Climate variability at the Middle Pleistocene Transition 900 kyr ago (CLIM900K)

Lead Research Organisation: University College London
Department Name: Geography


The prolongation and intensification of glacial cycles over the course of the Middle Pleistocene Transition (MPT; ~1.25-0.65 Ma) remains one of the major unsolved mysteries of Quaternary ice ages. Within the MPT, the interval from Marine Isotope Stage (MIS) 25 to 21 (~0.965-0.850 Ma) is thought to represent a fundamental shift in the mode of glacial cycles, with the appearance of a 100-kyr glacial cycle culminating in the first major Northern Hemisphere glaciation, but there is considerable uncertainty over the extent of ice volume increase. Moreover, while prominent debates centre on the causes of the transition, we are still lacking an adequate description and understanding of the evolution of climate variability over this interval. We propose to provide a comprehensive assessment of orbital- and millennial-scale climate changes during MIS 25-21, through joint pollen and foraminiferal isotopic and Mg/Ca analyses at unprecedented resolution from Site U1385 on the Portuguese Margin, a key location for linking changes in the ocean, atmosphere and biosphere. Results will transform our understanding of the magnitude of ice volume increase, the interaction of orbital- and millennial-scale variability and its role in glaciation and deglaciation, and impacts on plant biodiversity during this interval and will provide a benchmark for future studies on the transition into the 100-kyr world.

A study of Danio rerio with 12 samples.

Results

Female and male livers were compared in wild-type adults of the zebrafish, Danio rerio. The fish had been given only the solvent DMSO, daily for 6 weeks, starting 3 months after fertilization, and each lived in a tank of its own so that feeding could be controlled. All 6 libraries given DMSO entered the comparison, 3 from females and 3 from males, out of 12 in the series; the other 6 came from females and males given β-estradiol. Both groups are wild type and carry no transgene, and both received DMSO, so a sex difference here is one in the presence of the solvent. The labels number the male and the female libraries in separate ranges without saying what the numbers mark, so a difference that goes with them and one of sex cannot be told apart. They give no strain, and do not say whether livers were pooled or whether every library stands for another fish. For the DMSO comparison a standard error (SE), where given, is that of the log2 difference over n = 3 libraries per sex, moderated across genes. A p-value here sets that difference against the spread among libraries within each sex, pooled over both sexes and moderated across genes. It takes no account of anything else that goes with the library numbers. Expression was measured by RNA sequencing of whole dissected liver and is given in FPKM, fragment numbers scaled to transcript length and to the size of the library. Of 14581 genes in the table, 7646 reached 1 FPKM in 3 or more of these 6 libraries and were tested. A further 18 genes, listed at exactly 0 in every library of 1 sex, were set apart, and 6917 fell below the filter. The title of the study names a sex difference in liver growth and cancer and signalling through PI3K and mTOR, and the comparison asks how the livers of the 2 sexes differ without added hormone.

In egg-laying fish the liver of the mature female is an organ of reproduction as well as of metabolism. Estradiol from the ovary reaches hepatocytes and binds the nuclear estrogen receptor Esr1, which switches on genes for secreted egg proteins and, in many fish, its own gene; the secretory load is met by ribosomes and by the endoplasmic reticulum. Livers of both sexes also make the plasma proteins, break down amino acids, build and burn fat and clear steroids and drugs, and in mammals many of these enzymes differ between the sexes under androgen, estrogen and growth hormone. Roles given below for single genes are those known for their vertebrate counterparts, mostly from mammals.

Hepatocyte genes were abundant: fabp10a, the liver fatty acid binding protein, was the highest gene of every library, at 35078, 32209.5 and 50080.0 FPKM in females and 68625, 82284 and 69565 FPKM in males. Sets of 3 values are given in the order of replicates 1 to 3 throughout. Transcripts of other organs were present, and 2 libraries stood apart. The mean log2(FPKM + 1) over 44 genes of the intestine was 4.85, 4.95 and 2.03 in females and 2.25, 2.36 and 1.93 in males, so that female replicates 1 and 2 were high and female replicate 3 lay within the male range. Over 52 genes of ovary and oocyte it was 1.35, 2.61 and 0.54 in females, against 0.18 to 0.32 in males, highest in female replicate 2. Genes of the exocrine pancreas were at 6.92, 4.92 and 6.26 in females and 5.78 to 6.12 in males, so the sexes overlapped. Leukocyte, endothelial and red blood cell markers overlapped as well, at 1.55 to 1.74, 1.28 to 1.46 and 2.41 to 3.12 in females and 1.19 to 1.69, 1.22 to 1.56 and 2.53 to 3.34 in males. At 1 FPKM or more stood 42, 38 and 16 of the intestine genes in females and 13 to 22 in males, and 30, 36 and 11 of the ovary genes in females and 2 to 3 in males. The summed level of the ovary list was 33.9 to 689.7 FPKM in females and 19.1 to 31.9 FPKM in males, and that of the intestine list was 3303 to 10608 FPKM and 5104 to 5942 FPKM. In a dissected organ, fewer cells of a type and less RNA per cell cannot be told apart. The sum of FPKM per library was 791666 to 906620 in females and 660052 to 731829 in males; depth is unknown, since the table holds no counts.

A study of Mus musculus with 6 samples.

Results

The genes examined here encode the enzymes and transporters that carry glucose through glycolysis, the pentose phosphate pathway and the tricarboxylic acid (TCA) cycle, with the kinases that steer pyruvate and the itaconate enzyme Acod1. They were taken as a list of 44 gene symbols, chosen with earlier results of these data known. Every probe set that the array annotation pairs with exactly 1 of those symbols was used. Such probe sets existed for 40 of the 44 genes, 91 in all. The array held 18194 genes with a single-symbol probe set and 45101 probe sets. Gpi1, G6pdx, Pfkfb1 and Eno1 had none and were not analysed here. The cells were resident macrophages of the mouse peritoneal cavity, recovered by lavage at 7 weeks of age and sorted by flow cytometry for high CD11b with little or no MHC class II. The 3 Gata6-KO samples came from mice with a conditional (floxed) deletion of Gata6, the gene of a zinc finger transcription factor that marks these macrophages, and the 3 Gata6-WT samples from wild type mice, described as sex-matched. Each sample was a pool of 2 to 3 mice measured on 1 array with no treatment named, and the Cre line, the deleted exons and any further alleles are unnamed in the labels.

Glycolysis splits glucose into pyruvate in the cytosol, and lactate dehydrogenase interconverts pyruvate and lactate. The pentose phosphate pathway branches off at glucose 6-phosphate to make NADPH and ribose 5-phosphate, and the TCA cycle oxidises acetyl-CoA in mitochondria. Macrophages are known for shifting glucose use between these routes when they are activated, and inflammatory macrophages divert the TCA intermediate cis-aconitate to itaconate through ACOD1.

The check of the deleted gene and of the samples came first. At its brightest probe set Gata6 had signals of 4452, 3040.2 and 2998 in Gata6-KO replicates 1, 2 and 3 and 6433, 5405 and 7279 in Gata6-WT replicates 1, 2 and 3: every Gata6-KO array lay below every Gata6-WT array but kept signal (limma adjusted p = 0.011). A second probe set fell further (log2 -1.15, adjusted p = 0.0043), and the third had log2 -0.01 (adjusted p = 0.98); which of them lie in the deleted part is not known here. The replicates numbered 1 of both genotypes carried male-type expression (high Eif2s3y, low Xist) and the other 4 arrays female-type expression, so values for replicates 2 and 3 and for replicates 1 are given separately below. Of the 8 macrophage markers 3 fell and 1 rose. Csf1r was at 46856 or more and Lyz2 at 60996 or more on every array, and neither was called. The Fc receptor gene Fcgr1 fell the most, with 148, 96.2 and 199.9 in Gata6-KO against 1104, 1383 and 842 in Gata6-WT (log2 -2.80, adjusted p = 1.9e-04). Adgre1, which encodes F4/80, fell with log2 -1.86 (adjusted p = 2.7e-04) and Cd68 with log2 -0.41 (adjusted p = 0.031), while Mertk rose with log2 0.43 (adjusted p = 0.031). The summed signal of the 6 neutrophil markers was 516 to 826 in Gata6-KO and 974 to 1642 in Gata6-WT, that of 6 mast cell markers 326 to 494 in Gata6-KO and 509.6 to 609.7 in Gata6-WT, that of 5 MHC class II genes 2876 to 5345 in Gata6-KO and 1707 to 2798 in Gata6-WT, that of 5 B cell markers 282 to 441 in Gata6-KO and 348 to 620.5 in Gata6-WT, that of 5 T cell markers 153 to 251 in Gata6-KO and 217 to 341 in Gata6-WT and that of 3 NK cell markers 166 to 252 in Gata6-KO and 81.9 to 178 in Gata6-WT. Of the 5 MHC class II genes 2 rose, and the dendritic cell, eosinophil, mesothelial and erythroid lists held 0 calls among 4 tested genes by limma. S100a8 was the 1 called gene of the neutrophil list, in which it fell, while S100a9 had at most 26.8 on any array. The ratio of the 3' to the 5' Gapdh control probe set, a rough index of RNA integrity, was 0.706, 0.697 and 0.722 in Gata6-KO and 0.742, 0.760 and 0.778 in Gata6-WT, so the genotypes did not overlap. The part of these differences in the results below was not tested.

Planned Impact

Who and how will benefit from this research?
Our impact is through public engagement:

Climate change is a topic that is not only a concern of the scientific community but also of the public, media and policy makers. Our proposed development of a museum exhibit at the Sedgwick Museum, Cambridge on 'Quaternary ice ages and the first major Northern Hemisphere glaciation', communicating the key concepts of our research, will contribute to increasing public awareness and understanding of climate science issues.